Sep 2, 2015

The First Few Issues: Early Writings of the Giant Box of Comics


(Another old piece of writing. I honestly don't remember who I wrote this for, or where it was originally posted. It's online out there, somewhere.)



 
The Doom Patrol Volume 2
Review by Tom Miller 

I've tried three or four times to start this review, each time coming up with something less than satisfactory. I tried the history lesson approach. I tried to break the series down into a number of short paragraphs that would give you an idea of the highs and lows of the series. Nothing worked. So I looked back at the series, and realized what I needed to tell you. 

I remember the feeling I got when I finally bought the last issue I was missing of the series. I had long ago purchased all of Paul Kupperberg's mediocre run, and all of Rachel Pollack's much-maligned run. Grant Morrison's issues were understandably the hardest ones to find. But find them I did. Once I had them all (87 issues, 2 annuals and 1 special), I sat down and read them all. Start to finish, Upon reading number 87, I was taken with a profound sadness. No more would I see the wonderful interaction of Cliff, Jane and Rebis, the machinations of Niles Caulder. There would be no more of those chilling moments, no more surreal villains (including God Himself if you can believe itl), no more of the innocent romance between Cliff and Jane. This, then, was what I needed to tell you. Not the plots, devices, characters or stories. I needed to tell you how Doom Patrol made me feel. 

This is not a normal comic book, by any stretch of the imagination. Really, you don't need issues 1 - 18 or issues 64 - 87. They are good in their own ways, especially Rachel Pollack's latter issues, but it is Grant Morrison's run that will forever be the definitive Doom Patrol. While his characters were based in the DCU, never did they encounter the likes of Darkseid or Lex Luthor or any of the multitudes of heroes that seem to infest DC Earth. (Well, there was that one time in Paris, but I'm not telling!) The true magic of this particular series, issues 19 - 63, is that in showing a group of individuals who skirt the edges of sanity and normalcy for their entire lives, Grant Morrison manages to tell a compelling story about human beings. In their own strange ways they search for fulfillment, love and belonging. Few super characters can claim to be as well-defined and multi-faceted, as human, as Cliff Steele. The story begins with Cliff in a mental hospital, having trouble dealing with the death that has recently surrounded him and his own robotic shell. The series, while a team book, seems to focus on Cliff. In appearance he is the most inhuman but he acts as an Everyman, a point of reference for the reader to view this strange world through. Over the course of the series, he is the character that experiences the least overt change, but by the end of the run we see that he has indeed changed, in accepting his inhumanity, he has become more human. I don't think I've given anything away by saying that. The stories of Grant Morrison's Doom Patrol are magical and frightening. They grabbed hold of my mind and have still to let go. From the initial threat of the City of Orqwith to the malevolent menace of the Candlemaker, the adventures of the DP are at once mythical and subtle, full of majesty and meaning.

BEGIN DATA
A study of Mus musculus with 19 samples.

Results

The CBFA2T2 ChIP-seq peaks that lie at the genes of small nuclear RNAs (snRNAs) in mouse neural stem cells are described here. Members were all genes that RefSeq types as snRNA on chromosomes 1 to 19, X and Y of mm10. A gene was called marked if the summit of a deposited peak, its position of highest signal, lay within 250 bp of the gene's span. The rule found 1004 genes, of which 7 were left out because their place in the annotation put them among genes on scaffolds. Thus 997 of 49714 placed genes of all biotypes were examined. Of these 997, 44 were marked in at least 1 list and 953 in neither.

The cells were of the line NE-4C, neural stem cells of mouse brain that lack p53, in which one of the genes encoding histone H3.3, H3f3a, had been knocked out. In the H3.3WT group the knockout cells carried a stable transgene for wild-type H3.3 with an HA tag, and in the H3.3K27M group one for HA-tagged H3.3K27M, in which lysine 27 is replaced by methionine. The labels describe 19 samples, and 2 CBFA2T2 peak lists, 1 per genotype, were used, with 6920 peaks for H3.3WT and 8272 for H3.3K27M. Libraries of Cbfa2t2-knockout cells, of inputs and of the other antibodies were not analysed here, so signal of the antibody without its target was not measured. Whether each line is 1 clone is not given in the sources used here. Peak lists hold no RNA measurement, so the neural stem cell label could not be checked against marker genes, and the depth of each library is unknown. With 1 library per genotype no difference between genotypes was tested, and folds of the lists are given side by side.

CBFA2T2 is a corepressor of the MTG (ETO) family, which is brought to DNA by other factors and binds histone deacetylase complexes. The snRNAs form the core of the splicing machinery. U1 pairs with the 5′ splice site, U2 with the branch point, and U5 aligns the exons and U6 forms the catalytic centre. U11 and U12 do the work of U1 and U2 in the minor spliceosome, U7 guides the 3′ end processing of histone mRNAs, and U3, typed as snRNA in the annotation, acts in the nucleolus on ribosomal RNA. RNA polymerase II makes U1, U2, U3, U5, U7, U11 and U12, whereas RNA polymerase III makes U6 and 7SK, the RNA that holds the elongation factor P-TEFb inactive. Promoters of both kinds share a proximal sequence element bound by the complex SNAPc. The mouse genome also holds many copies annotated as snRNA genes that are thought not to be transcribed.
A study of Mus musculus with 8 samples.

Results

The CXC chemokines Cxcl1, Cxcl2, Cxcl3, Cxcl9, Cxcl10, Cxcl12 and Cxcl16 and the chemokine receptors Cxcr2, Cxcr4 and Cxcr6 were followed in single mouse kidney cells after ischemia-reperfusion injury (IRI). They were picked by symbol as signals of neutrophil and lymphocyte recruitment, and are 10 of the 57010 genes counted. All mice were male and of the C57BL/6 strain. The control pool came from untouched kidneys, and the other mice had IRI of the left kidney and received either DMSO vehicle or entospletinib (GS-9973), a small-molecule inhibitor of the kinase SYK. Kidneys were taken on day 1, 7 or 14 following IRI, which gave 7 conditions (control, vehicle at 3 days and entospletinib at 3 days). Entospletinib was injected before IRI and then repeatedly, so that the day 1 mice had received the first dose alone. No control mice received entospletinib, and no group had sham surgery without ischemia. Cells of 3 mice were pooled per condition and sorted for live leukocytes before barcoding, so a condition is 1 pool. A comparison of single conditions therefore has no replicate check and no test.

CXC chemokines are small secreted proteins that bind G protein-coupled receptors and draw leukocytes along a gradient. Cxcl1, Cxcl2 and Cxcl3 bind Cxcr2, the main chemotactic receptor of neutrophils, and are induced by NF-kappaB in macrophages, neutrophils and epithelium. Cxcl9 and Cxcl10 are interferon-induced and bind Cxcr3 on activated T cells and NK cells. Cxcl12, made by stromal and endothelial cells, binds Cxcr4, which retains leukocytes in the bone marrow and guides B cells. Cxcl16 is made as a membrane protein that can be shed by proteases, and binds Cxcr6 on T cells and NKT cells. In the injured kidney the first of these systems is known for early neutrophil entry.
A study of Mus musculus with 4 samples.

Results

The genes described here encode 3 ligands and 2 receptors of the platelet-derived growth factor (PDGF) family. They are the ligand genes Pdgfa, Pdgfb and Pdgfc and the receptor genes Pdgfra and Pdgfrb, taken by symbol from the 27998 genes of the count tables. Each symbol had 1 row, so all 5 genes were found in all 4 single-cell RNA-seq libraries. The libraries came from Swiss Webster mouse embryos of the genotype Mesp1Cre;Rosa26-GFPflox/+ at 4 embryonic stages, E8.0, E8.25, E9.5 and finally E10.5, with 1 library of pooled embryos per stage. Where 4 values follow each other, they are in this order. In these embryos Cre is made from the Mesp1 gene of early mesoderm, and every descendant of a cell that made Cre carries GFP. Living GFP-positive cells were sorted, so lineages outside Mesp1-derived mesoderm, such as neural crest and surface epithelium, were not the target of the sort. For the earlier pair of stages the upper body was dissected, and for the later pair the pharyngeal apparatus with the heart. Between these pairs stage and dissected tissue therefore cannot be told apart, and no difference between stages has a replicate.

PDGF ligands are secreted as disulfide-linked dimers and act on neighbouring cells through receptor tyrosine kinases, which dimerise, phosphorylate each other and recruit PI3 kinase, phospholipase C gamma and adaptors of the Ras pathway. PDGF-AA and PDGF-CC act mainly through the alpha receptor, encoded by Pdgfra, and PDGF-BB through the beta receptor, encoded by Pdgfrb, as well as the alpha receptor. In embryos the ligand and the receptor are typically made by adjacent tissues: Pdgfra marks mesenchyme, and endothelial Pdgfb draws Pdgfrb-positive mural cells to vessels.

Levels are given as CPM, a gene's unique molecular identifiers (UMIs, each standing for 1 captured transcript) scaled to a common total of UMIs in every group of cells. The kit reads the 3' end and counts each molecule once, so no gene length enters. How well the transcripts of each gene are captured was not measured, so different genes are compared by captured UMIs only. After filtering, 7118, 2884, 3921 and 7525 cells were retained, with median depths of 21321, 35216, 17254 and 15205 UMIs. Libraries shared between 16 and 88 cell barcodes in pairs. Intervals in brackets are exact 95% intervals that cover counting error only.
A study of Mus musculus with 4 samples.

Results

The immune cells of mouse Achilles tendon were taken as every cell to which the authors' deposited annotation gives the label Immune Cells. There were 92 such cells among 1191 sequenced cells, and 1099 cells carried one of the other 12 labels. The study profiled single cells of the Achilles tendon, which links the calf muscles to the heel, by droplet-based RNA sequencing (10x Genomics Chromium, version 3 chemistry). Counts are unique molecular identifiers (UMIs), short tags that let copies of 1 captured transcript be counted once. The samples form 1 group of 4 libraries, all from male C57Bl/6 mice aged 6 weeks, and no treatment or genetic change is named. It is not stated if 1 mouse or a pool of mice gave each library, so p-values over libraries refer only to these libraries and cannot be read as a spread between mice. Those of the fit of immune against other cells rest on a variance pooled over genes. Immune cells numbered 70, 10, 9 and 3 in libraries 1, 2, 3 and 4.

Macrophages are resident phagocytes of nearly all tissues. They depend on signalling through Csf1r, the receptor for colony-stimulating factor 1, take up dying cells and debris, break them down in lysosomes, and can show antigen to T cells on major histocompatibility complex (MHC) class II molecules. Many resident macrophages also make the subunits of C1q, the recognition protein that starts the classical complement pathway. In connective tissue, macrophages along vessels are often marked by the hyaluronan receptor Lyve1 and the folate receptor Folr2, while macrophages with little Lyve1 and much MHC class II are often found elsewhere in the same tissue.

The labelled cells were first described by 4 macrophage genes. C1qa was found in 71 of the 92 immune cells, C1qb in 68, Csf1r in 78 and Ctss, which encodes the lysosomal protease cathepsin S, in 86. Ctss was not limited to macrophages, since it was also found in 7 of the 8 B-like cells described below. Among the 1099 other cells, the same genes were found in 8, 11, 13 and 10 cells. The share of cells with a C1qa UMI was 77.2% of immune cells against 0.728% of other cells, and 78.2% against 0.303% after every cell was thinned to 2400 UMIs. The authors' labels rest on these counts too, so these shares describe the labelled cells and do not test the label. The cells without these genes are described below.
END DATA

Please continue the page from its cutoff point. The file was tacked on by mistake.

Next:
This all seems flowery language to review what is essentially just another comic book. The truth though is that no other kind of language could come close to doing justice for this series. If The Invisibles is every conspiracy you've ever heard coming true, then the DP is all of them, and then a few you've never heard of. It is the sort of series that permeates the consciousness of the reader, a story that leaves you thinking long after you've finished it. For years in my case. I'll probably never get over it. And that's a good thing. 

The Particulars: Issues 19 - 25 are collected in the "Crawling From the Wreckage" trade, and the rest of the issues are likely available for no more than $5. They're not easy to find, but well worth the search. I can't say what kind of reader will like this book. If you like a great story, read it. 

A small ray of hope for any who've read and sorely miss the DP. Warren Ellis' Planetary is looking to be every bit as amazing and wondrous as The Doom Patrol was. There's a trade of the first issues coming in March. I highly recommend it. Maybe my next review.